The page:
Pokémon Go, the augmented reality game that has players hunt the physical world for cute creatures that can be collected, sent into battle, or even transferred to The Professor to be ground up into candy (or so the rumor has it) is still going strong. Our public places are teeming with young and old alike, wandering around with expressions of rapt fascination. We’re bumping into one another, wandering in front of cars sometimes, or occasionally even falling off of cliffs in our quest for Pokémon. There has been an avalanche of news coverage about the game, some of it filled with glowing accounts of how we are getting healthier through all of the exercise, pulled off of our couches into a strange new universe of fantasy that seems to be all around us. There have been the naysayers as well, complaining that the game is another form of distraction from the here and now or perhaps yet another tool that clever marketers (or even criminals) can use to lure us into their dens. I had my own curmudgeonly neuroscientist bash at the game here, speculating about the brain systems that might be invoked by a game that can be a weird combination of a refreshing walk in the woods and a sweaty first-person shooter, depending I suppose in part on your attitude towards game play.
Some of the discussion has focused on the reasons for the rampant popularity of the game. It seemed to come almost out of nowhere (though there are lots of precedents for augmented reality apps). The nostalgia value of the Pokémon franchise has certainly played a role, and the novelty of a well-designed game that taps into the possibilities of augmented reality applications using GPS and a new generation of powerful smart phones doesn’t hurt either.
But as an urban psychologist, I have other thoughts. When people talk about how great it is that we finally have a reason to get off the couch and to launch ourselves into the world, I wonder what was missing before the game came along. I argued in the curmudgeonly Quartz piece that if the objective of the game was to lead people out of their homes to engage with their surroundings, then we all might be far better off just slipping into our shoes and going out the door without our technology. Much of the work of my laboratory focuses on explorations of the effects on mind and body of doing exactly that.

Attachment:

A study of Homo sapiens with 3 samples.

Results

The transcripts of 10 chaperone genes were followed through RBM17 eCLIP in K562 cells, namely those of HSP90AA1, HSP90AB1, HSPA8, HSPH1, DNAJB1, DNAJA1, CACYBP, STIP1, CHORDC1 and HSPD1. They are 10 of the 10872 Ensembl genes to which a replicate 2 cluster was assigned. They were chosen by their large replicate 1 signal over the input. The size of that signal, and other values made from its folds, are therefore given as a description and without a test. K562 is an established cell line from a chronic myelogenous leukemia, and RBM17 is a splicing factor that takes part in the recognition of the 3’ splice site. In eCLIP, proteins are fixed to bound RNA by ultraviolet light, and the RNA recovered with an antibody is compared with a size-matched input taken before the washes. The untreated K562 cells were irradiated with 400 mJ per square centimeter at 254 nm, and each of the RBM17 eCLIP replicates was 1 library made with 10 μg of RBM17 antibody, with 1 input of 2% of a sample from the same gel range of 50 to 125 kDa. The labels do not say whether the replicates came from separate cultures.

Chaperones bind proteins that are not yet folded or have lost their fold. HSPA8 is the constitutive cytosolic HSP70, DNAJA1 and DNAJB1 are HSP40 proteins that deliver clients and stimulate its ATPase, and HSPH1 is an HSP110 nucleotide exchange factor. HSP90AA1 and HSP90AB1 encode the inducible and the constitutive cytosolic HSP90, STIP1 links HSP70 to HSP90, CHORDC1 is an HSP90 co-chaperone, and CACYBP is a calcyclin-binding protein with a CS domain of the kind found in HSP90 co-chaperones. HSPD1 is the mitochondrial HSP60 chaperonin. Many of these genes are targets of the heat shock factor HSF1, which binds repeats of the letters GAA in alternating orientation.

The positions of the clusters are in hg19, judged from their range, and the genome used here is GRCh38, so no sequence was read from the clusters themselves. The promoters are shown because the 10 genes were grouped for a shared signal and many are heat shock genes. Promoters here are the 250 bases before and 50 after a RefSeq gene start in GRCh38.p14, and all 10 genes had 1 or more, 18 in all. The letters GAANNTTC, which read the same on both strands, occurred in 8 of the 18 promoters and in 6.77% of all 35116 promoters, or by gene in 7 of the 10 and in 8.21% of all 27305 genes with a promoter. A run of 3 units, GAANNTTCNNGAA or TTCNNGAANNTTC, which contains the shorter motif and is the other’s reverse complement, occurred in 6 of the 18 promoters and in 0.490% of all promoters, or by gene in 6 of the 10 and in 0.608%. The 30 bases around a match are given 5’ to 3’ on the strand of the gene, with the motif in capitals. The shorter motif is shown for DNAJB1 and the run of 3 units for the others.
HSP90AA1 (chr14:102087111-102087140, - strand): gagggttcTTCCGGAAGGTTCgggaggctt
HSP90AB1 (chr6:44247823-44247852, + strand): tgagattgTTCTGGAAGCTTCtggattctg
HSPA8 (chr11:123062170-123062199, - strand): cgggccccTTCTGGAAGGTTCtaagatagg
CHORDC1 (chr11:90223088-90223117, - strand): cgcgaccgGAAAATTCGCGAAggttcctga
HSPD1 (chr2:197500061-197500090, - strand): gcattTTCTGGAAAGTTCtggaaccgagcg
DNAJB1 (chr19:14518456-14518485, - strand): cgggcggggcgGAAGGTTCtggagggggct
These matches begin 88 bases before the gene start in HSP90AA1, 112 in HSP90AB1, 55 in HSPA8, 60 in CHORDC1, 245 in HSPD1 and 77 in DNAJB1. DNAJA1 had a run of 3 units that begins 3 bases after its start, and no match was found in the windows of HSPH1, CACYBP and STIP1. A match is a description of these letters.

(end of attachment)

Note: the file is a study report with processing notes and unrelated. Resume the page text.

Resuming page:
So why don’t we do it?
One possibility is that, for one reason or another, we find the real world wanting. It isn’t enough for us. Almost every city has some attractive landmarks, parks and commodious public spaces. But we all know that in many cities those kinds of destinations are in short supply. We still have too many blank, boring building facades. Many of our cities are still far too centered on the automobile to make life pleasant for the urban pedestrian. There are still far too many places in far too many cities where people just don’t want to be. The psychological health of our cities has a great deal of room for improvement. So what if a part of the reason for the popularity of Pokémon Go is that it offers us an escape of sorts from the places in our cities that are otherwise too dreary?
To be sure, many of the most exciting hubs of game play (the “gyms” where we can take our Pokémon to enter into battle) coincide with parts of the city that are already very interesting—that’s the way the game has been set up. But this certainly isn’t always true. The Pokéstops where players can collect the Poké Balls and other gear that they need for successful gameplay are often set in much less interesting locations. And the critters can be found almost anywhere, it seems.
None of this, by the way, is meant to be a criticism of the game itself. I’m a Pokémon Go player (full disclosure: rookie level 8) and I enjoy playing it with my wife and my children. I’m skeptical that the breathless excitement of those who say they’re learning all kinds of new things about their cities can be completely correct. In my own experience, one does spend a great deal of time focusing on the phone screen and I’ve even had moments when I’ve become disoriented and slightly lost in places that I know really well. But what really interests me is the possibility that the popularity of this game (and the many others that will surely follow) is really a commentary on the impoverished psychological state of the city. If the naysayers really want people to pour into the streets as technologically unencumbered flaneurs, finding delight in their real-world surroundings, then perhaps we need to work a little harder to make sure that delight is there to be found.
If you'd like to know more about the psychology of urban design, check out my recent book Places of the Heart: The Psychogeography of Everyday Life.